Dry cows can be overlooked on a dairy farm. Yet good dry cow care leads to better performance after they calve. Potentially, for every dry cow, there are four cows that are milking more due to proper dry cow management. Making improvements for dry cows is going to pay for itself in time.
The care for dry cows to prepare them for a successful entrance into the milking herd is detailed below.
A treatment with intramammary antibiotics helps resolve lingering mastitis and prevents new infections from occurring over the dry period.
To administer the treatment, first milk out the udder. Then clean and sterilize the teat end.
Dry cow tubes come with a nice set of alcohol wipes. Use those. Otherwise you’ll take bacteria straight up into the teat.
Use one tube per quarter. After infusing, massage the quarter to work the medicine into the mammary gland. Finish with a regular post-dip.
Other considerations to keep in mind when selecting the treatment are the length of the dry period and the milk and meat with hold for the treatment. Make sure the hold is over before the cows enter the milking herd.
There are several dry cow antibiotic treatments on the market today. Most treat Staph aureus, while some will also treat different types of Strep and Penicillin-resistant strains. Consult your veterinarian to for guidance.
Some farms use teat sealants to seal teats at dry-off, while others won’t.
After the antibiotic treatment is infused, re-sterilize the teat end. Then infuse the sealant, but do not massage, as the product should not be pushed further into the udder. Again, finish with the post-dip.
The dry period is a good time to administer vaccines. Respiratory vaccines should be used only for the right reason. This vaccine will only aid the cow as she enters the fresh pen; it will not increase colostral antibodies to benefit her calf.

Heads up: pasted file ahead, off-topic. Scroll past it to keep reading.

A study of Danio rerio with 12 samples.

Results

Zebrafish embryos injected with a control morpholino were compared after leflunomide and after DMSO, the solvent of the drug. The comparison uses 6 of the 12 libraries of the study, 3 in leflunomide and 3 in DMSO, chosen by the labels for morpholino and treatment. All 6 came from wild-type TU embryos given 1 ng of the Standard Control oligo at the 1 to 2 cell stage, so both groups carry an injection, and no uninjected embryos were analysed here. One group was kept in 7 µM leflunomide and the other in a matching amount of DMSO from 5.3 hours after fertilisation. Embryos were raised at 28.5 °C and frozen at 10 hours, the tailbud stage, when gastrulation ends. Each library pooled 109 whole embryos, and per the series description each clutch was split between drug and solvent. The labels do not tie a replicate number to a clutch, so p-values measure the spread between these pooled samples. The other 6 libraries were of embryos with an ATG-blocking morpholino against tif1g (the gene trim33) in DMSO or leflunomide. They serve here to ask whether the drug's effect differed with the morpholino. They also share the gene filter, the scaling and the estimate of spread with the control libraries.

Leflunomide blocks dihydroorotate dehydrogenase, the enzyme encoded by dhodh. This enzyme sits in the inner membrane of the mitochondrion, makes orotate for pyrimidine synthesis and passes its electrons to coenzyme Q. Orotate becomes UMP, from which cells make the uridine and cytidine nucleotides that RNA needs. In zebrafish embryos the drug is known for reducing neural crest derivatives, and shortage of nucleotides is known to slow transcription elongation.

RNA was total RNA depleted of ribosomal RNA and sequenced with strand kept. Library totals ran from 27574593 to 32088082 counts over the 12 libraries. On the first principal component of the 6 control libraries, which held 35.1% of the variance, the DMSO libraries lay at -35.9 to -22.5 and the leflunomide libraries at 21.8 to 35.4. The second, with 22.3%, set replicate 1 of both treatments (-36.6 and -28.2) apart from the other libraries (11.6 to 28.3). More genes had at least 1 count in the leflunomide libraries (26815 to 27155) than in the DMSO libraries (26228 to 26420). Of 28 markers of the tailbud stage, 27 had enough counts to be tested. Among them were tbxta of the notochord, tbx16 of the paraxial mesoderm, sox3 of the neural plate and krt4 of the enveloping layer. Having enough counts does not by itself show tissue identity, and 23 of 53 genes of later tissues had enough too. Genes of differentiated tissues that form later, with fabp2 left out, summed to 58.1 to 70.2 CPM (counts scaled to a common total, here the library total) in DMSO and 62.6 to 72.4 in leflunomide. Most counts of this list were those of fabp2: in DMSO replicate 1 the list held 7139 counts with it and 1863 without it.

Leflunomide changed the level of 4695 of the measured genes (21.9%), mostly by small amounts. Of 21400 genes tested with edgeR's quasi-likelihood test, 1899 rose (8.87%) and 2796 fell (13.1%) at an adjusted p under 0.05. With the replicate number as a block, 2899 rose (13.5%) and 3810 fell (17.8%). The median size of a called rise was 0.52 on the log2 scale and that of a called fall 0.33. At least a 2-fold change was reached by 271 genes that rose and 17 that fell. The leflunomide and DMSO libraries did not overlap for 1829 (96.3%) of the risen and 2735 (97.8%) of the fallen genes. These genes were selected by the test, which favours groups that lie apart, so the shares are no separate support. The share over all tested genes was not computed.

Vaccines can also be given to help fight mastitis and salmonella, if there is a history on the farm.
There are some calf health vaccines that can be administered to the dry cow to be passed along to her calf. This is only relevant if the farm plans to feed that colostrum to the calves; otherwise, there is no point.
The best timing is to give the vaccine seven to eight weeks before calving. If the cow has never been vaccinated before, it should receive two doses, with the first one given one month prior (12 weeks before calving).
The ideal dry cow housing would provide 30 inches of bunk space per cow, water access, a non-slip walking surface and adequate space for the cow to lie down.
It is suggested that far-off dry cows have 75 to 100 square feet per cow in a bedded pack, with close-up dry cows getting 100 to 300 square feet per cow.
The optimum bedding in a bedded pack is a sand base with straw and shavings on top. This provides good footing and comfort. A concrete base with straw and shavings is easier to clean, but it could be harder on a cow if she goes down. In either case, the bedding should always be clean and dry.
For freestalls, sand is clean and provides excellent cow comfort.
Dry cows should not be overcrowded.
Dry cows poorly regulate their energy intake. They can consume 40 to 80 percent more energy than required while dry, which puts them at risk for metabolic and health issues.
During dry period cows can be fed only good quality green fodder with 1-2 kg concentrate. The ration should have moderate energy density with low levels of protein (12 to 14 percent) and starch (12 to 16 percent).
The ration should be fed at 55 percent moisture. Water can be added, and it should be processed adequately to prevent sorting. The feed should be palatable with no mould.
Depending on the farm, anionic salt can be fed three weeks before calving. This sends a cow into a slightly acidotic state, causing her to ramp up calcium release to keep her levels normal.
Forage options for dry cows include corn silage, alfalfa hay, wheat straw, grass hay, sorghum silage and corn stalks.
Straw is commonly used forage for dry cows because it is palatable and has a good fibre length. It is very low in energy and can be combined with a higher energy feed.
Grass hay has a high fill factor and is moderate in protein and calcium, but its downside is that it is extremely high in potassium and should be limited to less than 30 percent of forage dry matter for this reason.
Sorghum silage is gaining in popularity. It is high in moisture, but should be limited to less than 50 percent of forage dry matter due to its energy and potassium levels.